I'm following up on a 2008 discussion on archival video formats:
That discussion contrasted ProRes to DV. I'm still in learning mode, but my understanding is ...
The ProRes family is Apple FCP specific - no other software can read or write it.
ProRes is lossless, DV is lossy. There's some expansion going from DV to ProRes (amount?).
Because DV is lossy, a DV project produced from a DV original will lose some quality. A ProRes file created from a ProRes original would not have quality loss.
DV is a label for a set of formats that have evolved since the 1990s. So a DV file from 2000 is not necessarily the same as a DV file from 2010. As media evolves over time software may stop rendering early generation DV correctly even as it renders late generation.
The Library of Congress doesn't consider any archival video format acceptable, but considers MJPEG the best of the bad (but there are probably audio sync issues).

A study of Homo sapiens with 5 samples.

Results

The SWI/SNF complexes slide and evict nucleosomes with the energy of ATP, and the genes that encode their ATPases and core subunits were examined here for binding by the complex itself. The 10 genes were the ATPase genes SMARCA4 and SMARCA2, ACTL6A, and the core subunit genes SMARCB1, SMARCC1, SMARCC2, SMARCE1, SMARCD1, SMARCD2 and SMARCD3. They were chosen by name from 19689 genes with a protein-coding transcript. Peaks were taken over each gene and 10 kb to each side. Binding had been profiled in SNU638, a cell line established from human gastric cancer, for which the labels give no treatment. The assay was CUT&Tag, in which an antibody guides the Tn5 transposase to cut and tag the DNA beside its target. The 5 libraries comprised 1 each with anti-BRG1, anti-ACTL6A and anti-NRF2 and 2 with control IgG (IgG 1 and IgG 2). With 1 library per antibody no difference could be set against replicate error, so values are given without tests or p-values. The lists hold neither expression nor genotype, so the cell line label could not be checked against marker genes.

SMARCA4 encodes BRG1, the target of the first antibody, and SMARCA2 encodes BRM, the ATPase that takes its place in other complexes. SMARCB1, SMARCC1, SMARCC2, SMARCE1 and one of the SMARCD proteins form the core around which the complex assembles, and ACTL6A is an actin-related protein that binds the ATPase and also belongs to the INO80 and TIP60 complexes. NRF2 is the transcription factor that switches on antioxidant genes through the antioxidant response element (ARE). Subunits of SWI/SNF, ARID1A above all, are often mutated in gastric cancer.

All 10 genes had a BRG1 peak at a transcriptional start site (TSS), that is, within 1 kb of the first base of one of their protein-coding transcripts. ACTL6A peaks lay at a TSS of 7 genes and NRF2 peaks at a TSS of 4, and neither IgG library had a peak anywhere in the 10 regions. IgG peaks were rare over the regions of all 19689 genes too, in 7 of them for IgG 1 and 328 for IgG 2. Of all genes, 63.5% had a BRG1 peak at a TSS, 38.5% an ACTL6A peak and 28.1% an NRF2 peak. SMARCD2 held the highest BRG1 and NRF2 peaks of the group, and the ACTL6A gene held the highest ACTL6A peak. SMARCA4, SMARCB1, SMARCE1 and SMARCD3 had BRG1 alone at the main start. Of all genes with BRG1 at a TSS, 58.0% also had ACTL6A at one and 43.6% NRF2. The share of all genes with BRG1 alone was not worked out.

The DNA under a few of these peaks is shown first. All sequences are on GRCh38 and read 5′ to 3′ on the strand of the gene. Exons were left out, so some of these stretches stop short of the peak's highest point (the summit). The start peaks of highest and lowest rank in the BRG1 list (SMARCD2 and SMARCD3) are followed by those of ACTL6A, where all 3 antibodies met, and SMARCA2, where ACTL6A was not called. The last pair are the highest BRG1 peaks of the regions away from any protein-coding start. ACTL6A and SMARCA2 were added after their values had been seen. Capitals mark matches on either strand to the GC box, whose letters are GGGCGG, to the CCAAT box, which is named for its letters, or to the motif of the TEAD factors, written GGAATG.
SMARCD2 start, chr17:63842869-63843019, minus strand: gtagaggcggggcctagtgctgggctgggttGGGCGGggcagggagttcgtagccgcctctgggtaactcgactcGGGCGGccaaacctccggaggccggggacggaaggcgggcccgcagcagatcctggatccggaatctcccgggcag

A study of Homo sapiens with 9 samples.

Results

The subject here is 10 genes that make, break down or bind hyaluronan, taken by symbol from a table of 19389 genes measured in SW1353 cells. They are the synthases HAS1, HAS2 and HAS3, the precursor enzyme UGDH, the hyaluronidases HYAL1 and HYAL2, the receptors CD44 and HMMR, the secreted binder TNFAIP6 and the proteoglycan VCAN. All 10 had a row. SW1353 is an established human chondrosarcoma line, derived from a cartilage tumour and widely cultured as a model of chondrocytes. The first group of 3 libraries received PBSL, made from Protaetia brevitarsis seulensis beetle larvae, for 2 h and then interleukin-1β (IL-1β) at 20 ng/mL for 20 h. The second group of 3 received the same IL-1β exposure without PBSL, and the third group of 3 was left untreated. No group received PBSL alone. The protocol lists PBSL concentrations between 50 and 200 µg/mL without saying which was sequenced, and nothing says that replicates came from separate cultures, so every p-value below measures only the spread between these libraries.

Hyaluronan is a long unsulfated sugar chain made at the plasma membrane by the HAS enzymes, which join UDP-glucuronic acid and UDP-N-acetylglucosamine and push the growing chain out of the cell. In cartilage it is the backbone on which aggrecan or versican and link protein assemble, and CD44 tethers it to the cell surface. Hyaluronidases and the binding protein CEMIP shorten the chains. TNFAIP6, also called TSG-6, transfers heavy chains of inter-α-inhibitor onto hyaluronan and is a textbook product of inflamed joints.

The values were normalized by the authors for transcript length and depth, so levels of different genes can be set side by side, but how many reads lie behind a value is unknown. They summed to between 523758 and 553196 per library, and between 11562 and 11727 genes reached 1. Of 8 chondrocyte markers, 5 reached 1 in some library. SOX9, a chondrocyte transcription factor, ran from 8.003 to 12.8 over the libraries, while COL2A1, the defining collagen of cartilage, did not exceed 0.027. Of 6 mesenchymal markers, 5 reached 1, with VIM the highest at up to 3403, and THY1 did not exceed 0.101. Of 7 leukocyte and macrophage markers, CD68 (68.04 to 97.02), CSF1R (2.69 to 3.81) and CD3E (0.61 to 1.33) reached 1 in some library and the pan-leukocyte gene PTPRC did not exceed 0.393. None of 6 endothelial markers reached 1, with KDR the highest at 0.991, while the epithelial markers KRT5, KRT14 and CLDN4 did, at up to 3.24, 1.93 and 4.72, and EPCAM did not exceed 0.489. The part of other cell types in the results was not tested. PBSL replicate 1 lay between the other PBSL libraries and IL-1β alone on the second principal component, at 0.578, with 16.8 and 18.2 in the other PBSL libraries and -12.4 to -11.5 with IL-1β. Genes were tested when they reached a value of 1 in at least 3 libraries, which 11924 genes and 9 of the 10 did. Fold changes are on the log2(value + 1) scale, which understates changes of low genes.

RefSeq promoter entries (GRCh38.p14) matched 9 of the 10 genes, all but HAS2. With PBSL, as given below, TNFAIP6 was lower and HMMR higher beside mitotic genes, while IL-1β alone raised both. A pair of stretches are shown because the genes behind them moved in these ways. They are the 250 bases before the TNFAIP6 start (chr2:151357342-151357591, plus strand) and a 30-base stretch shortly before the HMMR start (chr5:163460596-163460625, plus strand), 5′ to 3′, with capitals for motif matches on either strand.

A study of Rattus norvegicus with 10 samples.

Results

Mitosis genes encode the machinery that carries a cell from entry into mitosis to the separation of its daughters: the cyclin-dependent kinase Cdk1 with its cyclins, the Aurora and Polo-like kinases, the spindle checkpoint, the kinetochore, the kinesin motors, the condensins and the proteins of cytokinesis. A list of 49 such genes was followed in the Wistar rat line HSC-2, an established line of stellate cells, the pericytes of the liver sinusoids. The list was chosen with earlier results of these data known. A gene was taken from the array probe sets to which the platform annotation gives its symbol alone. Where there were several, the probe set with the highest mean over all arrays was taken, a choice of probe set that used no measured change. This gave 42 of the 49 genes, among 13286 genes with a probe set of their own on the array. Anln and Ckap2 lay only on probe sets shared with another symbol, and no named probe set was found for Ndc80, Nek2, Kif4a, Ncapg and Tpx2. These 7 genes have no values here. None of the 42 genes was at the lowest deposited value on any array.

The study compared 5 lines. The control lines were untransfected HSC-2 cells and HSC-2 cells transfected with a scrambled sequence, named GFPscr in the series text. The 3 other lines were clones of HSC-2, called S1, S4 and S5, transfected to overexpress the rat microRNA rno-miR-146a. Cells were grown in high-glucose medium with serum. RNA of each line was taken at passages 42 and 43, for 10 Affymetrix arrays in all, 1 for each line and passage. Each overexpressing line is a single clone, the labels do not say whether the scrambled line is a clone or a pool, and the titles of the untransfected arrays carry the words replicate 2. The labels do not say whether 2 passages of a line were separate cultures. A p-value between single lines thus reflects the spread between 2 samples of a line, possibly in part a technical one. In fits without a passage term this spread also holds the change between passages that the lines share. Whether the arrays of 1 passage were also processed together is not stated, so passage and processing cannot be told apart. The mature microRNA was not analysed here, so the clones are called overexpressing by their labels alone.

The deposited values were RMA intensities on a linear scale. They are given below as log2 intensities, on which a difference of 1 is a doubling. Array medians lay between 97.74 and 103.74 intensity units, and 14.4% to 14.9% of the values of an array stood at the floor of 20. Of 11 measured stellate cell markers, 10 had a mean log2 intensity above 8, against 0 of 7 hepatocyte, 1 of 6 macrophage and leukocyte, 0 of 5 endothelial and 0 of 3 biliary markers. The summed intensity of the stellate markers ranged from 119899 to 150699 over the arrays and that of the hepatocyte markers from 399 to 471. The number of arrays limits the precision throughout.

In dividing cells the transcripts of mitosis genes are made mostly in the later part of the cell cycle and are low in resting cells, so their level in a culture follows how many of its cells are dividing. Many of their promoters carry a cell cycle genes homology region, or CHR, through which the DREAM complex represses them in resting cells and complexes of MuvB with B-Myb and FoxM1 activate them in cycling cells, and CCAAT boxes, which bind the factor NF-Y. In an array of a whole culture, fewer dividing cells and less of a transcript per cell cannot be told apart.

I wonder if, given the state of video formats (volatile and patent laden) there's something to be said for using a minimally compressed h264 video format as an 'archival' format. In other words, take a set of DV media of different generations, and norm it to a h264/mpeg video with minimal compression (25+MB/sec data, mininal frame loss, etc). A 30GB DV file, for example, might become a 25GB h264 file. There'd be some quality loss, but at least everything would be normed to a 2012 baseline. In ten years that video would then be (probably) convertible to a lossless archival format assuming 1000 TB drives and some resolution of the IP issues.
Any thoughts from the experts? Is there any guidance on compression settings to produce "archival" h264?